Mo Jingxi
Updated: Jan 1,2015 9:16 AM     China Daily

A draft of regulations enforcing the Government Procurement Law was passed by China’s cabinet, the State Council, on Dec 31.

The regulations are part of China’s efforts to build a cleaner government ruled by law, according to a statement released after the meeting, which was presided over by Premier Li Keqiang.

A transparent and strict mechanism for government procurement will help to root out corruption and further regulate the government’s power, the statement said.

“Bidding procedure is an important part of government procurement,” said Zhan Zhongle, a law professor at Peking University.

“The new regulations will boost the fairness and transparency of government procurement,” he said.

The draft stipulates that governments must make public their procurement contracts through the media and make the bidding results known to the public.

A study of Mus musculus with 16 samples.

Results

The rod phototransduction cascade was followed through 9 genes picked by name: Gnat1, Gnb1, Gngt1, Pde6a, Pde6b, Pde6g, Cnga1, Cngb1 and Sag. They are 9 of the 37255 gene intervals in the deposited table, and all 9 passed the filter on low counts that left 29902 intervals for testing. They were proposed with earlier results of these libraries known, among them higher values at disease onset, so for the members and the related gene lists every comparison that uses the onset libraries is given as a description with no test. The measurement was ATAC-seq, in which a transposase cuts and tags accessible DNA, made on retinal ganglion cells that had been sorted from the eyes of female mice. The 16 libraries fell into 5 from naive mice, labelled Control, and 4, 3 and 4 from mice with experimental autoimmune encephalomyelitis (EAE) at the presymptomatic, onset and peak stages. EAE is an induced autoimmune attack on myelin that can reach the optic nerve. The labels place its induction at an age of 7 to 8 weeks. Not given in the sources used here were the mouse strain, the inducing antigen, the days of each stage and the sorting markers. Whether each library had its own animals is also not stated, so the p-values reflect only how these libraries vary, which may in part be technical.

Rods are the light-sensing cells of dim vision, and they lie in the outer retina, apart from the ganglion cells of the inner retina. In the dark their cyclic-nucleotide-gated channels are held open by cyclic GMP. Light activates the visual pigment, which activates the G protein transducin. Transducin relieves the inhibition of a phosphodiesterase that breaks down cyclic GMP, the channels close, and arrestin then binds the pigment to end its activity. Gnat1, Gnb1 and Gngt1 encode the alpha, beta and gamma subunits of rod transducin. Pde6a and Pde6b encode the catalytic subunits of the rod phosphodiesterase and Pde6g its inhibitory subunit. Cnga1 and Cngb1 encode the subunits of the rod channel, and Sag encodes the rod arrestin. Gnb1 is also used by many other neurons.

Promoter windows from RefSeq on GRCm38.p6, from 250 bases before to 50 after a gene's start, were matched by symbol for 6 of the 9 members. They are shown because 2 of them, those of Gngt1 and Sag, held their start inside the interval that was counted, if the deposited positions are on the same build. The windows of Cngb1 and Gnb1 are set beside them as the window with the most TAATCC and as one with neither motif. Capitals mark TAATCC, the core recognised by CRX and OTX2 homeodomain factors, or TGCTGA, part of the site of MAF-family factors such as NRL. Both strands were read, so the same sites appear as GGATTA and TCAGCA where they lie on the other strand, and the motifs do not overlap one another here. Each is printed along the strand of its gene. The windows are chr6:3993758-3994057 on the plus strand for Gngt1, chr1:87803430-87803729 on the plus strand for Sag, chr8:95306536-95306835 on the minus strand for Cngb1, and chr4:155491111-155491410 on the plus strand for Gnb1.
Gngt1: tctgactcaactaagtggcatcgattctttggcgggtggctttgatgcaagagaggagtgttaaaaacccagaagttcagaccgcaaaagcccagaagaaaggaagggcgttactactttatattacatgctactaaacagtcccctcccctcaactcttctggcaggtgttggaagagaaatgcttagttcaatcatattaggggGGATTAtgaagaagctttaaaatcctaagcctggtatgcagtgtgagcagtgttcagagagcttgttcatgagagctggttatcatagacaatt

Zhan said the regulations will also help to make good use of public funds, as the procurement process always involves large sums.

China spent about 1.64 trillion yuan ($264.5 billion) on government procurement in 2013, an increase of 17.2 percent over the previous year, according to the Ministry of Finance.

At the meeting on Dec 31 it was decided that the government will delegate administrative approvals on tax refunds to the county level for manufacturing companies engaged in exports, a move that will further open China’s economy and sustain the growth of foreign trade.

Such approvals for foreign trade enterprises will also be delegated once approved.

The State Council also discussed the implementation of the Interim Measures for Social Assistance at the meeting, and decided to make more efforts to improve the livelihoods of people living in poverty.

The central government has allocated more than 90 billion yuan to subsidize those in need and it is offering them medical assistance, as well as another 7.1 billion yuan to temporarily relieve residents affected by natural disasters in winter and spring.